By: Rick Lacaille, Executive Vice President and Global Head of ESG Initiatives, State Street, and Hendrik du Toit, CEO at Ninety One

The global investment community is starting to act on climate commitments. Research shows that aggregate carbon intensity of institutional portfolios dropped by about a third from the start of 2019 to October 2021. So does that mean if investors continue to divest from brown assets, they can check the box on climate change?

Unfortunately it’s not that simple. Changing the ownership of brown assets doesn’t do anything to move the world closer to net zero and may even make things worse given the huge amount of funding needed to facilitate the global energy transition.

Just look at the numbers. According to the International Energy Agency, investments to transform power sectors in emerging and developing economies alone will need to increase by seven-fold by the end of this decade. And yet the IEA finds that investment across these energy sectors has been falling in recent years. 

The answer to closing this enormous funding gap may lie in what is currently unthinkable for many investors — staying invested in brown assets to facilitate the transition to green.

We think this is achievable. Research conducted by Ninety One showed that a sample of investors, once they had considered net zero approaches, were ready to shift from a stance of divesting from high emitters towards staying invested and supporting a transition to net zero.

And rather than procrastination, continuing ownership of brown assets can be part of a genuinely ambidextrous approach to net zero. Taking this path would mean investing heavily in renewable capacity while being responsible owners and creditors of existing hydrocarbon assets as they are wound back.

So how would the mechanics of transition finance work?

While there’s a great need for asset owners, investors, multilateral development banks, investment banks, and governments to come together and iron out individual details, we believe that an overall, transition finance framework includes:

  • meaningful uptake of ownership risk in brown industries by publicly funded entities;
  • large-scale transition finance provided by both private and publicly funded entities;
  • well-functioning, transparent emissions measurement, pricing and markets;
  • publicly funded investments in basic research;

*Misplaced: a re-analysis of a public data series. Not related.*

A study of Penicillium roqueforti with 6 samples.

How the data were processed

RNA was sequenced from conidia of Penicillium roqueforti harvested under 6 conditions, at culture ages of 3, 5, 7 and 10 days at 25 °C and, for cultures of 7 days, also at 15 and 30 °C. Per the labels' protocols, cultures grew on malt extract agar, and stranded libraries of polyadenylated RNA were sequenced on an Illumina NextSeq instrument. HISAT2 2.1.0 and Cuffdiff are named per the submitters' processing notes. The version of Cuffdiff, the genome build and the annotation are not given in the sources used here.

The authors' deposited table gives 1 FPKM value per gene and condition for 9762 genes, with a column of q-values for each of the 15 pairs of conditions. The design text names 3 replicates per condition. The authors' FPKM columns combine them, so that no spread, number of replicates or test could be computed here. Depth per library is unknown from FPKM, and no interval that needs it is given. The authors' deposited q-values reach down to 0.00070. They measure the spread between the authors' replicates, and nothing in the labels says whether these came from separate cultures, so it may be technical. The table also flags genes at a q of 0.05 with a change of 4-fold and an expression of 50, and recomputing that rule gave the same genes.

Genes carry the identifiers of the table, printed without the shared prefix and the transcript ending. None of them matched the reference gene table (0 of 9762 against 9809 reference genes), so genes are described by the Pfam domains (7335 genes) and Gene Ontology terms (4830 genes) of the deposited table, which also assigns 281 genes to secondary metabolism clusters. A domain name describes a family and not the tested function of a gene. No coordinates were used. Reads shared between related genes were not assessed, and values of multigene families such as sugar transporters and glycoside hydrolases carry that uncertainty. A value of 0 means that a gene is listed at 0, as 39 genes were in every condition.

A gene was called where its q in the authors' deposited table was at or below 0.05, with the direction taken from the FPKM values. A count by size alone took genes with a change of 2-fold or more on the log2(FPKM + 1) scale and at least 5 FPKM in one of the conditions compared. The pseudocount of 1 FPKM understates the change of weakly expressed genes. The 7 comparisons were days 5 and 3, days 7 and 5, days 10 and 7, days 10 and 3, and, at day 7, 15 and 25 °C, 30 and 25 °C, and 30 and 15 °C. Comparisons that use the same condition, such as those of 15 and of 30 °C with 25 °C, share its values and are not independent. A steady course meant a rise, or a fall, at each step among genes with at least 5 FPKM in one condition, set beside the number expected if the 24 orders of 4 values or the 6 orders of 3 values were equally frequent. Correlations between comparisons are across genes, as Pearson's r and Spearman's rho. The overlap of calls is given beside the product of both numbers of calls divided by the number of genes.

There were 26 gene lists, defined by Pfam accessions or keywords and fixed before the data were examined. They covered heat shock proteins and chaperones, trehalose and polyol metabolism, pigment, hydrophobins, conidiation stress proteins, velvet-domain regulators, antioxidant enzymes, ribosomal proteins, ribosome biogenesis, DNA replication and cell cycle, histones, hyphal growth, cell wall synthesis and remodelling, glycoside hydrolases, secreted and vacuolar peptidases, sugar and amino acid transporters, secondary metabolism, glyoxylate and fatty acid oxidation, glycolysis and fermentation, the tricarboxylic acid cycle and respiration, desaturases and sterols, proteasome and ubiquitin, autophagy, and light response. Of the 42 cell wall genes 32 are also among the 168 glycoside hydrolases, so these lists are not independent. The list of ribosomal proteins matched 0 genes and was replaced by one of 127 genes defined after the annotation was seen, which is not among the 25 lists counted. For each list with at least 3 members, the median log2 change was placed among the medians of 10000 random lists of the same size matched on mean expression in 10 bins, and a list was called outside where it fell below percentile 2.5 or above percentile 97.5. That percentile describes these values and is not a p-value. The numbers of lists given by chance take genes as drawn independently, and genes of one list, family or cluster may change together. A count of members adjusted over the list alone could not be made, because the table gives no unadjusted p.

• privately funded investments in technology, services, and equipment that will be required for transition; and
  • unwinding public support frameworks as businesses become green.

Within that framework, many different models can be created. For instance, Nazmeera Moola and Nick Robins highlight one that they call a ‘bad-carbon facility’ in a recent article in IPE. A ‘bad-carbon facility’ they explain is an investment fund that operates like the ‘bad bank’ structure sometimes used to hold nonperforming financial assets.

Deploying capital from both public and private investors, the fund would buy up coal power in emerging markets, decommissioning them over time, with cashflows from them used to build renewable-energy assets. In this case, the authors explain that public sector investors would bear most of the financial risk and private sector investors would receive a minimum yield on their investment.

The transition to net zero cannot occur without funding. And funding the transition can’t be done without a collaboration between governments, multilateral development banks (MDBs), insurers, investment bankers, owners, and asset managers.   

There are already positive signs of this collaboration at work. The South African coal wind-down deal struck at COP26 is a case in point. France, Germany, the US, UK, and EU pledged a combined $8.5 billion to act in combination with other sources, including private-sector investment, to achieve South Africa’s transition away from coal.

To be sure, the transition will not be easy and faces political, financial, and technical challenges. Today, South Africa has a power deficit, with rolling blackouts causing industry and individual hardship and holding back economic growth. The coal sector employs some 200,000 workers.

However, the South Africa coal deal is widely seen by private-sector participants as a new,  potentially repeatable and scalable model for transition finance.

Indeed, the Asian Development Bank has already announced the Energy Transition Mechanism that could achieve something similar for ASEAN nations such as Indonesia, Philippines, and Vietnam. The model is one in which investors will provide equity and debt finance to a special purpose vehicle managed by the ADB that will purchase, report on, and retire the coal-generation assets in an orderly fashion. 

Though much needs to be worked out in practice, we believe there is a strong case for creative and positive transition finance. An opportunity awaits.